Thinking Simply

I’m not a very intelligent person, but I am lucky enough to know several of these creatures. I got to wondering this weekend about what, apart from the ability to assimilate and use vast amounts of information faster and more efficiently than us mere mortals, really sets them apart.

And the thing that strikes me most is their ability to think very very simply. Now I’m not talking about thinking simplistically, i.e. with the sort of logics found mainly in the Daily Mail or the town pub after 10 pints. I’m talking about the ability to take a topic, a known topic, to reach into its core and retrieve an idea that seems so simple, so obvious, that you wish you’d thought of it yourself. And that little inner voice tells you that you could have done, if only you’d noticed, but you know in your heart that only someone very smart has the gift of thinking that simply.

And then I started wondering how this simplicity might be connected to my long-ago quest to understand creativity; if what the smart people were doing was having the courage, confidence and tools to rearrange existing concepts that build up around a topic over time. Which took me back to an old book (the structure of scientific revolutions), a coarse precis of which is that science moves at two speeds: slow methodical progress interspersed with great leaps of the imagination.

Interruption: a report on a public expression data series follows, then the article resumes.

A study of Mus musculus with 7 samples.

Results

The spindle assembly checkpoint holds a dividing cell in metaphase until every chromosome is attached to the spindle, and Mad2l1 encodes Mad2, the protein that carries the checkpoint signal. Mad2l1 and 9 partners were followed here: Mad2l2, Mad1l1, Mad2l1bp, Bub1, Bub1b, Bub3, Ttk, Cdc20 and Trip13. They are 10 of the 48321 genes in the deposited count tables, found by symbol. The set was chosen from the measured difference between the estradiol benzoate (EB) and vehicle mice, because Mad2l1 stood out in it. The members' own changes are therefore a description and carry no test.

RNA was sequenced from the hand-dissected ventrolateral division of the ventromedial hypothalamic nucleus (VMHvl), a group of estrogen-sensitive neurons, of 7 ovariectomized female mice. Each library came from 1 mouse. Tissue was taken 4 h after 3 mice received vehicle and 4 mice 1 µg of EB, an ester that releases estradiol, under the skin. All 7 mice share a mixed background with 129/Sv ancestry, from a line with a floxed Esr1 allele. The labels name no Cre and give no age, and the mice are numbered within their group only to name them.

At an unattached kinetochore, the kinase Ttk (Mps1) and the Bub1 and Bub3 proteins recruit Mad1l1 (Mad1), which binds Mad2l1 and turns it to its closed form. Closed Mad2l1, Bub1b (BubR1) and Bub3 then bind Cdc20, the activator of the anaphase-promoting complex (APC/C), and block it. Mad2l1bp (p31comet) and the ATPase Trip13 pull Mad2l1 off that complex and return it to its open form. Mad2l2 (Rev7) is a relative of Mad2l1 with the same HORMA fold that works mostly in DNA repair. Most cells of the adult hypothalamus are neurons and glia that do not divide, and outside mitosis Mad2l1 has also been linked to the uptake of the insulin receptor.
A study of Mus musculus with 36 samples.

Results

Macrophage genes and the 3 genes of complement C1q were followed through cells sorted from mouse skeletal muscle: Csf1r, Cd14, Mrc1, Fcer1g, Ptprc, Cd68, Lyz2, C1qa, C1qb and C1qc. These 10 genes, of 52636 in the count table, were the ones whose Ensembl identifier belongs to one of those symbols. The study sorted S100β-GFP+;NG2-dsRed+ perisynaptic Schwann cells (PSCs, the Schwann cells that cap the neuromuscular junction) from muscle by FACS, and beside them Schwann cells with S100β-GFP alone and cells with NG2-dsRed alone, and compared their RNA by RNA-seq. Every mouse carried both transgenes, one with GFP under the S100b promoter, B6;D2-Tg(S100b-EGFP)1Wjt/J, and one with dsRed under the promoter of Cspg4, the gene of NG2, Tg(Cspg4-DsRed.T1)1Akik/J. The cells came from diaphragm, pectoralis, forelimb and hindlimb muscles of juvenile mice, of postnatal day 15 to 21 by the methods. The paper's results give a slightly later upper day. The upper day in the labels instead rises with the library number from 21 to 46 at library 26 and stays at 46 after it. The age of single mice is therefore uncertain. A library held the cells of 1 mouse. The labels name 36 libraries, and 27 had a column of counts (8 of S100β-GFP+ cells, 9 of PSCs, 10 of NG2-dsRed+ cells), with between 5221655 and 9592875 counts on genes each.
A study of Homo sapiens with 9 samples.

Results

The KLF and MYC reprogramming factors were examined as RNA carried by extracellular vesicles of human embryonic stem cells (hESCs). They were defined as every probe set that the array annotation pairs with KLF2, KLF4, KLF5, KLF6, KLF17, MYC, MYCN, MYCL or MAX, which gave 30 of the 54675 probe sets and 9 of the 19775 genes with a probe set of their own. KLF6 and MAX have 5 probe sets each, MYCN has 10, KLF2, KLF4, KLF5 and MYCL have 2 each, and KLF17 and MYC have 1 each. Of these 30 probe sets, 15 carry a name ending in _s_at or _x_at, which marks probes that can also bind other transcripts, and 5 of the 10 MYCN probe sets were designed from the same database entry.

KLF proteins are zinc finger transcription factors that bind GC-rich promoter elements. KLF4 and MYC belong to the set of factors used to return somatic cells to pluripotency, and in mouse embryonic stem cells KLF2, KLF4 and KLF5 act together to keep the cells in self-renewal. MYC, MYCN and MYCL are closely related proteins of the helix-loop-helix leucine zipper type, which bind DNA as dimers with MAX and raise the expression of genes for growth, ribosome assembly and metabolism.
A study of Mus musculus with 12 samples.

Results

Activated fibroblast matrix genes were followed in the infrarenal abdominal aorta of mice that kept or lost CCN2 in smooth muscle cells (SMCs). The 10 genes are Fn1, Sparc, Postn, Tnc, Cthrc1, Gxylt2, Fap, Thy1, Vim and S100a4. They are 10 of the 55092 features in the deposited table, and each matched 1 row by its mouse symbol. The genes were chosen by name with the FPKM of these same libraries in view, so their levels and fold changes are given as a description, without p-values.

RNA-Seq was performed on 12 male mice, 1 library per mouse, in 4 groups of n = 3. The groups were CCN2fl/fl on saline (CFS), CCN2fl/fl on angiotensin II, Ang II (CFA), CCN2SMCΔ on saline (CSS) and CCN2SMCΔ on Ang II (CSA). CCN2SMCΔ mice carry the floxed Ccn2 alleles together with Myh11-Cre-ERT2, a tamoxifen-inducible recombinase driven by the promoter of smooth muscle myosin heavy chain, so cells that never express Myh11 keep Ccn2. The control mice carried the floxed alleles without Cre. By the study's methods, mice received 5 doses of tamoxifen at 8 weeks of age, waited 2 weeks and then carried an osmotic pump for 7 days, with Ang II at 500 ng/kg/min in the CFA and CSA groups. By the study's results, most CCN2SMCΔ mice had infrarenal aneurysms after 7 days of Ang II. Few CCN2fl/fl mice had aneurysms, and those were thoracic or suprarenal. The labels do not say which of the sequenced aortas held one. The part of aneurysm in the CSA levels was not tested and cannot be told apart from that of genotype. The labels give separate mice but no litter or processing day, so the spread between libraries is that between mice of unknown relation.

Meanwhile, I’ve been reading some of my old notes and, once again, can’t understand them. Context is all sometimes…

One thought on “Thinking Simply”

  1. Simplicity is easy. The hard bit is filtering the many possible gross simplifications to get to the insightful one. No one talks about the simple ideas that *don’t* work, but there are clearly an awful look of easy, wrong (or at least not very helpful) ways of looking at a problem. The smart people don’t just dare to be simple – they also are good at throwing away the wrong simple ideas, until they get to the right one.